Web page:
The Apple effect: How Steve Jobs & Co. won over the world
UPDATE: Steve Jobs passed on Wednesday. In this cover story, first published last month, Alan Webber explores what made Steve Jobs (and Apple) exceptional. Apple knew what consumers didn't want and understood the power of being itself. A look at what the company can teach corporate America.
In Pictures How Apple won the world
And third, there came the announcement from Jobs that he was stepping down (or more accurately, stepping up) from his job as chief executive officer to be chairman of the board. Jobs's announcement, more than the other two events, triggered questions, speculation, and an outpouring of concern for both Jobs and Apple.
Just how serious is Jobs's ill health? What are the implications for Apple of his decision to remove himself from day-to-day operations? How strong are Tim Cook and the rest of the team? Can they keep coming up with the incredible string of magic devices and experiences that Jobs has produced since his return to the company in 1997?
Good questions, all of them.
But there may be another question, even more relevant: As Jobs leaves his CEO post, marking a milestone in the long, strange trip that has always been the Apple journey, what can the rest of American business learn? If we were to use this transition at Apple as a chance to reflect, are there management lessons, lessons of philosophy and practice, that US (and other) companies can benefit from?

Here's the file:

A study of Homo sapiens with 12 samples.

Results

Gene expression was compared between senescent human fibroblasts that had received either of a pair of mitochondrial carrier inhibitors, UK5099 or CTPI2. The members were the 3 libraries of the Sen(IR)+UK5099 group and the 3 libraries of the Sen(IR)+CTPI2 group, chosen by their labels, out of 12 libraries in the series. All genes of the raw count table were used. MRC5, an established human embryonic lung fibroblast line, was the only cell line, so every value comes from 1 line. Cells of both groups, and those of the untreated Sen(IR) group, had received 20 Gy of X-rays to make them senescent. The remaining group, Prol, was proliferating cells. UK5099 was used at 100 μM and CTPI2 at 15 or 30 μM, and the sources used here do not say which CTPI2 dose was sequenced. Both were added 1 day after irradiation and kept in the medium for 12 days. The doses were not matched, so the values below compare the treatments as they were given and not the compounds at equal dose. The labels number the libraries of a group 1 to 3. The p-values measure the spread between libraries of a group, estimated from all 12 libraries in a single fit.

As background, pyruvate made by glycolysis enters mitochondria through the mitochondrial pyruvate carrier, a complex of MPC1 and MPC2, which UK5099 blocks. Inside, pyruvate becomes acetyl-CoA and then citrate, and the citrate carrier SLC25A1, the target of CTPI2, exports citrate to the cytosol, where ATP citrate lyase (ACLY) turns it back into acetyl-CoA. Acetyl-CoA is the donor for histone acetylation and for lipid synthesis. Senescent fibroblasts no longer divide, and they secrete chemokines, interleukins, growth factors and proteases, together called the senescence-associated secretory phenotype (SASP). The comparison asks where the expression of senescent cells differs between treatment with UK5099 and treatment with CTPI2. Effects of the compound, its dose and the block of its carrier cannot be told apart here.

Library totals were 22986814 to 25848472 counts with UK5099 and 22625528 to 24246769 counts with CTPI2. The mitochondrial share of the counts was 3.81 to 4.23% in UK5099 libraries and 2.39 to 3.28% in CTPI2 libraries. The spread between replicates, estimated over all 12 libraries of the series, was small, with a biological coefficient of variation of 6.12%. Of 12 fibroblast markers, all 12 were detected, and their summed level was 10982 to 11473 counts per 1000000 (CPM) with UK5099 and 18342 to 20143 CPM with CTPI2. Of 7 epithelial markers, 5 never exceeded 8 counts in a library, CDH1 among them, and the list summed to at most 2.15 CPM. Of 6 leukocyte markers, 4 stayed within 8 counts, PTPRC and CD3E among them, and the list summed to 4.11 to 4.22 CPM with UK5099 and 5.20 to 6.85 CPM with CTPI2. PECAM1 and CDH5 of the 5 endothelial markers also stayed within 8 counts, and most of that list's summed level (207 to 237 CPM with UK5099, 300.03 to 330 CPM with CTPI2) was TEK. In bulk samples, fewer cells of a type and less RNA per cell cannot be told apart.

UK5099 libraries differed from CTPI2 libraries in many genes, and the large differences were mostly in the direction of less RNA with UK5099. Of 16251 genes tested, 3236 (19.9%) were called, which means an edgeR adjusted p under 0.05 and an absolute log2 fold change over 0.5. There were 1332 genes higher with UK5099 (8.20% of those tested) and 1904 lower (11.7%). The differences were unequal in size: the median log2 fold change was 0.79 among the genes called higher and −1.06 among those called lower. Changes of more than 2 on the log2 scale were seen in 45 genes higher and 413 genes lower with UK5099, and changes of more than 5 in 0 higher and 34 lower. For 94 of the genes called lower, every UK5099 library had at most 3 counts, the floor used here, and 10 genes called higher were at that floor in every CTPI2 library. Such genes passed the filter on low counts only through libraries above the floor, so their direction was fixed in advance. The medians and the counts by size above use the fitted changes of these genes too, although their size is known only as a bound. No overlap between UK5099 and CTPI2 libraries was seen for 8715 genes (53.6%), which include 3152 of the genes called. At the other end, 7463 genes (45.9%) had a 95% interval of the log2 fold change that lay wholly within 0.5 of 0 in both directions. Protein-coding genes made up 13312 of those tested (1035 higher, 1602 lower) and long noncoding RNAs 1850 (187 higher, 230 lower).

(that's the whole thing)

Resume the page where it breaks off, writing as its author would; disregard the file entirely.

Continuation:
After all, in the 20 years since Jobs lauded that HBR article, the US economy and large US companies have come full circle. Back then, as Mr. Rappaport and Mr. Halevi reported, we were worried about the challenge from Japan. Today, it's China looming as an economic rival that dominates the headlines. In 1991, manufacturing jobs were moving overseas and the concern was the hollowing out of American industry. Today, with 9.2 percent unemployment, much of it due to losses in the US manufacturing base, those concerns have become a reality.
We have an economy that seems locked into recession, companies that make huge profits without producing goods or services that amaze and astound customers, and workers who, if they are fortunate enough to have jobs, report overwhelmingly that they hate them (unlike the Apple story, where people love their jobs and customers express their admiration for their other Jobs – Steve).
Once again, it seems, we've come to what legendary former Intel CEO Andy Grove called a "strategic inflection point": a time when a major change in the competitive environment requires a company – or an economy – to make a major adaptation to new circumstances, or risk extinction. Change or die.
So what can Apple teach us going forward – not for Apple's sake, but for ours?
"A better question might be what Apple can't teach American business," says Prof. Bob Sutton. Dr. Sutton has taught at Stanford for 28 years, grew up in the area, and even remembers as a youth delivering pizzas in Silicon Valley before it was Silicon Valley.